You know that game, Othello? No, not the Shakespeare play... the game. It's tagline is "A minute to learn, a lifetime to master"
A lot of things fall into this category. Watercolors, planting things, doing cartwheels. And, making polenta. I mean, how hard can something with about 3 ingredients be? And at its simplest, you could make this with only 2: water and corn meal. Of course, generations of polenta makers would shake their heads at me for saying so. They learned over the course of centuries that this simple concept - boiled corn meal - can take so many forms. Soft, rich mush can be served with savory dishes like sausages. Mix it with sugar, milk, vanilla and cinnamon and you've got a Latin breakfast porridge. Spread it out in a flat pan, let it solidify and either pour maple syrup on it like they do in the midwest, or serve with pasta sauce, cheese and herbs like they do in Italy. It's like a food canvas!
I've been a bit nervous about using polenta even so, because I'm never sure about whether the grain is cross-contaminated with others. It's the old shared-equipment quandry. Was it ground on equipment as wheat? nuts? other scary things? One never knows for sure. But if you can find a good brand*, or know that the brand only does corn ... well, then this is the food for you. Easy, fast, and a little goes a long way. It's a simple to enjoy starchy part of a wider meal. It can be used as part of the main dish, or sliced in little bars for a quick carry-around finger food snack. And, well, it's yummy.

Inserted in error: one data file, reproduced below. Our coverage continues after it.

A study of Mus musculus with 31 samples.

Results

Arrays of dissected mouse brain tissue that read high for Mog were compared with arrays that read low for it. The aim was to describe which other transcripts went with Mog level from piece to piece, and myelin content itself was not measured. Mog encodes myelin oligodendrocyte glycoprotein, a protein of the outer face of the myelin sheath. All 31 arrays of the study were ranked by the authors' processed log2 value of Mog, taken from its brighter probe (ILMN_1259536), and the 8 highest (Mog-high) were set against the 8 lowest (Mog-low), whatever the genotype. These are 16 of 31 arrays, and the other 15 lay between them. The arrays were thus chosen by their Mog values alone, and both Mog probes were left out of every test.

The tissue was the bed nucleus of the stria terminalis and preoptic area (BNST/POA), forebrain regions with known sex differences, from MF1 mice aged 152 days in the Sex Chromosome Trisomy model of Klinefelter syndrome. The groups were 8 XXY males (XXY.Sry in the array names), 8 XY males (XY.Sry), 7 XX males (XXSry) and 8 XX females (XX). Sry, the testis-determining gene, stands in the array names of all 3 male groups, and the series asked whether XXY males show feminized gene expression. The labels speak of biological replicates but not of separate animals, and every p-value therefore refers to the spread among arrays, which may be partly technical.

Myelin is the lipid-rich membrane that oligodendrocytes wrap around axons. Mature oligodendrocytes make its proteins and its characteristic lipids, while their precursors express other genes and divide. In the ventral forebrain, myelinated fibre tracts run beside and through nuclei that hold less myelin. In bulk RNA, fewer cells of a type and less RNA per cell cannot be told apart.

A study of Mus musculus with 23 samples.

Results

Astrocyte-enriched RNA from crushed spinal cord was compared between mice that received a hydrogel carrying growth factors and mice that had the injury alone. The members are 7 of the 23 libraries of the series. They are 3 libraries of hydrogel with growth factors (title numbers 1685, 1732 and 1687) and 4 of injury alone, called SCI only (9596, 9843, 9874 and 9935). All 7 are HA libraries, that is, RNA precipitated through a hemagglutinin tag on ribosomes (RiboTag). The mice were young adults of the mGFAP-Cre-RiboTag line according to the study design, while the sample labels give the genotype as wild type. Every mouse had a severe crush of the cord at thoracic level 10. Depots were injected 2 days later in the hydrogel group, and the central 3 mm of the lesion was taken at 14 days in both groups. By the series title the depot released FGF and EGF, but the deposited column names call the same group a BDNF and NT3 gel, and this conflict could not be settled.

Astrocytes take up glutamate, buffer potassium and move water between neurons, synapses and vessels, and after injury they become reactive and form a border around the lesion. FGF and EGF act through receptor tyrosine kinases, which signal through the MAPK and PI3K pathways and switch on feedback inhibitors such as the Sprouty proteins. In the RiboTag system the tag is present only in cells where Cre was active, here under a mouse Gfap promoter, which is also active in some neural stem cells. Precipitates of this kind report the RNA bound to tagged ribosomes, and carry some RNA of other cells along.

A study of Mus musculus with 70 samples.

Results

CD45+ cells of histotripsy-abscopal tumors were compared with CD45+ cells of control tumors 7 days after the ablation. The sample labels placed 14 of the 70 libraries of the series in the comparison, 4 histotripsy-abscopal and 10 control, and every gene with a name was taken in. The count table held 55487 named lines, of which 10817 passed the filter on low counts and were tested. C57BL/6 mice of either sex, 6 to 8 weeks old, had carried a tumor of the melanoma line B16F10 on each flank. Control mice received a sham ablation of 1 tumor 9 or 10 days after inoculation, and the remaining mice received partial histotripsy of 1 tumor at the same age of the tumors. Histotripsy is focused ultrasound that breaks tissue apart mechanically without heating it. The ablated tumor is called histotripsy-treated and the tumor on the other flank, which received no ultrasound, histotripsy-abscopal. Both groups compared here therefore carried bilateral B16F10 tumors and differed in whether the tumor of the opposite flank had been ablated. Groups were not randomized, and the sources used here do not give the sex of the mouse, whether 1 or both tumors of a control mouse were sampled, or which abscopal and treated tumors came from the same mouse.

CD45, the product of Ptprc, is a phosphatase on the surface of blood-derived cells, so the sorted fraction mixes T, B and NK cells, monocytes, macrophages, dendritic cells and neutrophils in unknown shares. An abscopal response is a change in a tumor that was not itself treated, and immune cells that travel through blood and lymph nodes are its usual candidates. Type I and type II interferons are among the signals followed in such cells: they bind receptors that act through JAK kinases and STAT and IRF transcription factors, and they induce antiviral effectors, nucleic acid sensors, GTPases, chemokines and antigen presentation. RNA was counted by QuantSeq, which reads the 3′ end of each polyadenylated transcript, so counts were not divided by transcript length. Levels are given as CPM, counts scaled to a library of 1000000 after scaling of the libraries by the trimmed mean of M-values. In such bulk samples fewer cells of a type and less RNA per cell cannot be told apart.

For kids, these are so versatile. Cut in squares or little bars and they're easy finger food for on the go. Cut with cookie cutters for fun shaped plates at home. Make them sweet or savory, dip in sweet sauces or ketchup. (yes, my friends, ketchup).
One of my favorite versions of this is the Italian style polenta squares. Cornmeal, cheese, oil, and herbs spread out into a pan, then cut into squares and served with pasta sauce. I also like the squares fried in butter, but I try not to think about that too much.
Simple, yes, but not as easy as it seems at first. Deceptively simple. Add cornmeal to boiling water, stir, and it's done. Right?
But if you add the cornmeal directly into the hot water without stirring, you get lumps of half-dry goo. If you don't stir like crazy, you get lumps. It burns and spatters. It dries out on the pan to the consistency of cement. Oy.
There are a couple tricks. The best one that I've ever read was on Cooks.com's recipe. Put the cornmeal in some cold water first and stir it up before you add it to the boiling water. It's the same principle as adding flour to cold water before adding it to gravy to avoid lumps.
So, my basic recipe:
3:1 Water to Cornmeal
For this example: 2/3 cup corn meal,
2 1/4 water
2/3 cup of cheddar-style Daiya cheese
Put 2/3 of the water into a pan and begin to boil
Meanwhile, pour the cornmeal into the rest of the water, and stir it up until smooth.
Once the water's boiling, add the cornmeal & water mix in while stirring, stirring, stirring. Keep stirring until the mixture become more and more solid, a couple minutes.
Add anything else you want to add (cheese and herbs, or sugar, vanilla, cinnamon and milk)
Here, I'm using non-dairy Daiya cheddar style cheese. Turn off the heat and keep stirring.
Pour onto an oiled or non-stick bar pan and spread out evenly -- a casserole dish, brownie pan, whatever you have that's flat with edges.
Cover the pan with something, be it plastic or a lid of some sort and refrigerate until firm. Cut into whatever shapes you like!
If you would like an even cheesier version, cover with another 2/3 cup of cheese and put in the broiler for a few minutes.
* Bob's Red Mill has a gluten-free cornmeal. Here, though, I used fine cornmeal from our local latin store and it appears to be fine - no reactions, no nothing!